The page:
As a nurse I know what really matters to keep the human body alive and functioning: to put it most simplistically- the various organs must all be healthy and function well, the body itself needs to have good nutrition, be free from infectious diseases, major stressors and genetically inherited or cancerous conditions. So I know that when a brain needs surgery, the surgeon cannot determine if the brain belongs to a Mandela, an Einstein or a Hitler. There is nothing in the structure of this brain to indicate whether it is creating great literature or chaos. Likewise, the beating heart needing a new valve does not indicate if it is a heart capable of love embracing all peoples such as the Dali Llama, or one which teaches hate to others.
Aside from some genetic traits, for example, such as the tall athletes seen in parts of some Slavic, African and Chinese geographic areas or small boned women seen in indigenous native populations or some Asian countries, most populations are remarkably similar under their skin. So why then, have those who hate become fixated on traits such as skin color, ethnicity or religiosity when they are broadcasting their tirades of prejudice? Every educator knows that it is what is inside one’s brain that matters, not what is presented on the surface.
Certainly there is cultural and ethnic pride in one’s parentage and native lands, but that should not engender racism or bigotry. Sadly, there are still some places in the world which continue to fight battles originally waged hundreds of years ago; current residents teach their children to have the same prejudices that they themselves learned. One need only to think of Rwanda or the Bosnian war both of which represented ethnic cleansing in their battle plans. http://news.bbc.co.uk/2/hi/europe/4997380.stm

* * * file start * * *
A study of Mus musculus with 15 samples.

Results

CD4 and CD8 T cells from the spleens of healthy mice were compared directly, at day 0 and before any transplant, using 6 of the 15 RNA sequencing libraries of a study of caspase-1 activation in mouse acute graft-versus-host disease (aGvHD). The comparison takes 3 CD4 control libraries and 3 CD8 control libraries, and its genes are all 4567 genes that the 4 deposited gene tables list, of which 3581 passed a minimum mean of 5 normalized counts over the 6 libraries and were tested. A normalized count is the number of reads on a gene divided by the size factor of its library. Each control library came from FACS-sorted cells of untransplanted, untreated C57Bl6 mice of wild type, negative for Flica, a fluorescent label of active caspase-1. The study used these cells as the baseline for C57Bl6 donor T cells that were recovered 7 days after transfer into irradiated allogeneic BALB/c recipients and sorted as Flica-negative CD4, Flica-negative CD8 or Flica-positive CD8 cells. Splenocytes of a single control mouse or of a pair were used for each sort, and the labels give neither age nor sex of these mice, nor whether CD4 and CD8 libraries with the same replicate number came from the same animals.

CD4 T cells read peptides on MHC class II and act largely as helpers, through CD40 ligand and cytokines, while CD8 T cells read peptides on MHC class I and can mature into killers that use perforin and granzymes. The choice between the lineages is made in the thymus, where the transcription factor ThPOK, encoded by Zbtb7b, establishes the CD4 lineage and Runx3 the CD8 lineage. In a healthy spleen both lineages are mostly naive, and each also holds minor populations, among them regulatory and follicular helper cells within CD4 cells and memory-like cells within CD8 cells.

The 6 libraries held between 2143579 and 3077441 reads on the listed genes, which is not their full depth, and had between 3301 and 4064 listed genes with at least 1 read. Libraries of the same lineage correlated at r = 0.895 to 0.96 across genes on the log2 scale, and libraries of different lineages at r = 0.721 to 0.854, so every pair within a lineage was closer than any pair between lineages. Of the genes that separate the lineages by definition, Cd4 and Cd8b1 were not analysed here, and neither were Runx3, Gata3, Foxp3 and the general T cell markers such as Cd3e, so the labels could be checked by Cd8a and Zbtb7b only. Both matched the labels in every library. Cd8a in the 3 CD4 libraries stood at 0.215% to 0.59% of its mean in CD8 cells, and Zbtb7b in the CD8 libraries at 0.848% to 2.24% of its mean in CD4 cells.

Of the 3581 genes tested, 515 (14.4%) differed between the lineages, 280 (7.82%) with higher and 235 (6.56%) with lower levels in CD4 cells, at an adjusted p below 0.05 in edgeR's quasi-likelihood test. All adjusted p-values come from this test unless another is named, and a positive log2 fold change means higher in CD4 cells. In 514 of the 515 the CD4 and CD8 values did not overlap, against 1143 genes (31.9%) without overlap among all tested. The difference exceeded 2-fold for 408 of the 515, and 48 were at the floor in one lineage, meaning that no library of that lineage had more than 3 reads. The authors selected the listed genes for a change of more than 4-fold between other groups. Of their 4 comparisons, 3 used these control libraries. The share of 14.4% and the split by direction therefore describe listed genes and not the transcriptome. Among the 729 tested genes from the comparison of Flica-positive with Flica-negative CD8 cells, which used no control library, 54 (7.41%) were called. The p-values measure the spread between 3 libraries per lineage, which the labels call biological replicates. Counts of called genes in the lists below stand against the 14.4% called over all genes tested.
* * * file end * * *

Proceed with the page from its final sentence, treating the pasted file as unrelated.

Barack Obama tweeted out a phrase today: “No one is born hating another person because of the color of his skin or his background or his religion...”
In the movie South Pacific there is a song which talks about the same thing - that children are not born with hate in their minds – they must be taught to hate. https://www.youtube.com/watch?v=AAls_gUhlQw “They’ve got to be carefully taught”
Why do some voice the bigotry of white supremacy and link it with ultra-nationalism, why do so many who are young turn to this message? Indivisible does not have the answer, but we do know that there are more reasons for us as a country to join together as positive forces for good, for brother and sisterhood than there are reasons to act out against each other. The peaceful protests against the demonstrations in Charlottesville are a sign that many disagree with the bigots who marched. The stated reason for the march was to protest the removal of a statue of General Lee from the U VA campus; to many he is a symbol of a confederacy which promoted slavery and is not a person to be admired. To others he represents a failed rebellion and the loss of a storied southern culture which they regret cannot return. But the subtext was that America is for white folks and others who are not white have no rights to be here, should not be allowed to immigrate to this country and should leave.
As a Call to Action – Indivisible asks each of you to speak up and cheer for all of our members as they continue to resist the Trump agenda and protest against hateful actions. I ask that you speak out when you hear unjust words or see unjust actions. Ask for our government officials to step up to the plate on these issues; for too long they have been sitting in the dugouts watching and waiting; it is time for them to get up to bat and be players in this game of life.
Where, we ask, is the voice of our President who should be disavowing actions and words of the alt/right, but instead bunches haters and protestors together? Where is the leadership this country sorely needs from someone in its highest office who could stand tall and say “no more”? During the campaign he had a wink and a nod for these extremist groups, he spoke with code words and a chuckle when their ideas were cheered. By not disapproving their support, he was tacitly encouraging it. But now he has a responsibility to speak to all Americans whether they voted for him or not because he should be the president of all of our people, not just a few.
The columnist Michael Gerson (a Republican) said it well in a column in the Washington Post on 8/13/17.